Friday Wrap-Up

Shabbat Shalom: Friday Wrap-Up (9/11/09)

As a self-proclaimed moderate (fiscally conservative, socially liberal), I do not confuse Judaism with liberalism.  Seems like a lot of people may, though.  Fantasy drafts complete and one game into the season, are you as pumped about the start of the NFL regular season as the majority of men in the United States?  Are you as pumped as I am for the start of the Pacific Coast League Playoffs?  I am rooting hard for the Memphis Redbirds and their closer Pete Parise, who is a Dynasty client.  How do you like the new bottom toolbar?  I found it less intrusive and much more social.  Chat with your friends and share content much more easily with our new features.  Should be another easy win for the Gators this weekend against Troy.  Here are some stories I missed over the past week:

Sports Business



  • The internet has done wonders for fan access to information and players’ ability to communicate with fans and other players [A Whole New Game].

By Darren Heitner

Darren Heitner created Sports Agent Blog as a New Year's Resolution on December 31, 2005. Originally titled, "I Want To Be A Sports Agent," the website was founded with the intention of causing Heitner to learn more about the profession that he wanted to join, meet reputable individuals in the space and force himself to stay on top of the latest news and trends.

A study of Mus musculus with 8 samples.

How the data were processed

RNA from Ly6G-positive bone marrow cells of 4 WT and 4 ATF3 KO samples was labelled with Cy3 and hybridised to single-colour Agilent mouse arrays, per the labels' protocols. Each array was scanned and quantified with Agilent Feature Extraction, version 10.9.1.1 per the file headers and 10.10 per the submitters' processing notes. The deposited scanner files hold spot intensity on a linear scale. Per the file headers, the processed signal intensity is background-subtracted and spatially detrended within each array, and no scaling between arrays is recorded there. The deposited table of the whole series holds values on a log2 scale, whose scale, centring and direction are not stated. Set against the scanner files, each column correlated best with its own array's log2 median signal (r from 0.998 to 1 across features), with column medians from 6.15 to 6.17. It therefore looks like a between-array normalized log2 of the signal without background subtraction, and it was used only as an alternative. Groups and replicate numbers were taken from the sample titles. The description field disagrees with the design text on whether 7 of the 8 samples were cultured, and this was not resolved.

Heitner now runs Heitner Legal, P.L.L.C., which is a law firm with many practice areas, including sports law and contract law. Heitner has represented numerous athletes and sports agents as legal counsel. He has also served as an Adjunct Professor at Indiana University Bloomington from 2011-2014, where he created and taught a course titled, Sport Agency Management, which included subjects ranging from NCAA regulations to athlete agent certification and the rules governing the profession. Heitner serves as an Adjunct Professor at the University of Florida Levin College of Law, where he teaches a Sports Law class that includes case law surrounding athlete agents and the NCAA rules.